The World in U.S. Courts: Fall 2015 - Personal Jurisdiction/Forum Non Conveniens
Plaintiff corporations, designers and manufacturers of a type of semiconductor, sought declaratory judgments from the U.S. District Court for the Northern District of California that their products did not infringe certain patents held by the Defendant, a German corporation specializing solely in the monetization and licensing of intellectual property rights. The Defendant moved to dismiss the Plaintiffs' suit for lack of personal jurisdiction.
The Court observed that personal jurisdiction over Papst was to be determined first with regard to the scope of jurisdiction under California law, and then was to be measured against the Due Process Clause U.S. Constitution. The Court noted, however, that California asserted jurisdiction to the full extent of the Due Process clause, and so only a single inquiry need be made.
The Court quickly disposed of the plaintiffs' claim of general personal jurisdiction over Papst, finding that the requirement of the U.S. Supreme Court's Daimler decision that general jurisdiction could ordinarily be asserted against a non-U.S. corporation only where the corporation could be considered "at home" could not be satisfied. While a closer question, the Court also found insufficient contacts to support specific personal jurisdiction. Applying Federal Circuit law because this is a patent case, the Court first noted that in declaratory judgment actions for non-infringement, such as the one presented here, only activities related to the "enforcement" of the patent or the "defense of the validity" of the patents-in-suit are relevant to the jurisdictional determination. In other words, evidence of activities such as a defendant's "manufacturing, use, offer for sale, or sale of goods" in the State would not bear on the specific jurisdiction analysis. By contrast, actions such as "initiating judicial or extra-judicial patent enforcement within the forum, or entering into an exclusive license agreement or other undertaking which imposes enforcement obligations with a party residing or regularly doing business in the forum," would be relevant.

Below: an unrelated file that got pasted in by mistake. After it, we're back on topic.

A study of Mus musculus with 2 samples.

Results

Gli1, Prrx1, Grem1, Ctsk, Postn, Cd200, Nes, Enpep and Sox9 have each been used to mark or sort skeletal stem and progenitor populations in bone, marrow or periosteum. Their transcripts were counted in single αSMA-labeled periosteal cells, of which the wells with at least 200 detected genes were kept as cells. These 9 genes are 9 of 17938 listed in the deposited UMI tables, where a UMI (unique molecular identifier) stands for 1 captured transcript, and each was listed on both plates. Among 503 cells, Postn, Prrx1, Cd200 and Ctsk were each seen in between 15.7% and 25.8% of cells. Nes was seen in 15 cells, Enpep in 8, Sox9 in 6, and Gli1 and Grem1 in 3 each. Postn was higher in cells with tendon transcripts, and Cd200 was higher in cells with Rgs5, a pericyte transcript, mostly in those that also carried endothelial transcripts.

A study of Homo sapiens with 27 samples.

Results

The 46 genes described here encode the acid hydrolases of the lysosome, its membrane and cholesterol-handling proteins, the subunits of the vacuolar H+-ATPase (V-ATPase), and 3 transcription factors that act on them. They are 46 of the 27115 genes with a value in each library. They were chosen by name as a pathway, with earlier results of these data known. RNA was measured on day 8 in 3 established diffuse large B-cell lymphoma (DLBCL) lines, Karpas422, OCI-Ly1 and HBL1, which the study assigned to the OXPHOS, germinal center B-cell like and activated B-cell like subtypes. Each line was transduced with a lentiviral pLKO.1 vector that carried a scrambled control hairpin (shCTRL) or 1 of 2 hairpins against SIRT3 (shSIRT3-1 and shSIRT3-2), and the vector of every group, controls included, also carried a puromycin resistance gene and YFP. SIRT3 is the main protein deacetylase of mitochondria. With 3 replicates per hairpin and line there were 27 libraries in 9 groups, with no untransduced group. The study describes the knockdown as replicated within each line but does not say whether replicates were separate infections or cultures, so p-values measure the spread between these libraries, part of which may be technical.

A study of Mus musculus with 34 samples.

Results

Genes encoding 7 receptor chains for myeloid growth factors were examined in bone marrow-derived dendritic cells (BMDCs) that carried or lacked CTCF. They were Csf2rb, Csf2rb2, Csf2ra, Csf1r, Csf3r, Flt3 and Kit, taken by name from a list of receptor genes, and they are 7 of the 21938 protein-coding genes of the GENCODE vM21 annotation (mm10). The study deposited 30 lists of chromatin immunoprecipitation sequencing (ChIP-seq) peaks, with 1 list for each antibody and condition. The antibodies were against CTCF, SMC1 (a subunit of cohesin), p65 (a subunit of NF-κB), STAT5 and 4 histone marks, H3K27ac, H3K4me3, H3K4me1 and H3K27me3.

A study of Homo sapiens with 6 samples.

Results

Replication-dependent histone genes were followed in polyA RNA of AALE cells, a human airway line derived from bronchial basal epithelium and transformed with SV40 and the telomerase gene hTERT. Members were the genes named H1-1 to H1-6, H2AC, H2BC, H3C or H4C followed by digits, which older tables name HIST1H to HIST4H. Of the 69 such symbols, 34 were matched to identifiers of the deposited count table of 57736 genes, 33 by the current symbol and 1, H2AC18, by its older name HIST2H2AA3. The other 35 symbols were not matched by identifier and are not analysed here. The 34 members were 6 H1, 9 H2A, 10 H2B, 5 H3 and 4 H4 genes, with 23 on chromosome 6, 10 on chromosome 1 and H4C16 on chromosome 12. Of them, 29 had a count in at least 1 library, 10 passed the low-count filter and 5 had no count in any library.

The Court considered a large number of potential factual bases for specific jurisdiction, but rejected them all. Thus, Papst's cease-and-desist letters to Plaintiffs were found insufficient to create personal jurisdiction. So, too, were Papst's meetings with Plaintiffs in California (which were merely part of an attempt to license the patents), its maintenance of a "license targets" list; its retention of California patent counsel, who only made three maintenance fee payments over a twenty year term; and its hiring of a Texas attorney to undertake extrajudicial patent enforcement activities. The Court also rejected as unsubstantiated Plaintiff's claims that Defendant had threatened their customers.
Finding no basis for the assertion of general or specific jurisdiction over Papst, the Court dismissed the case.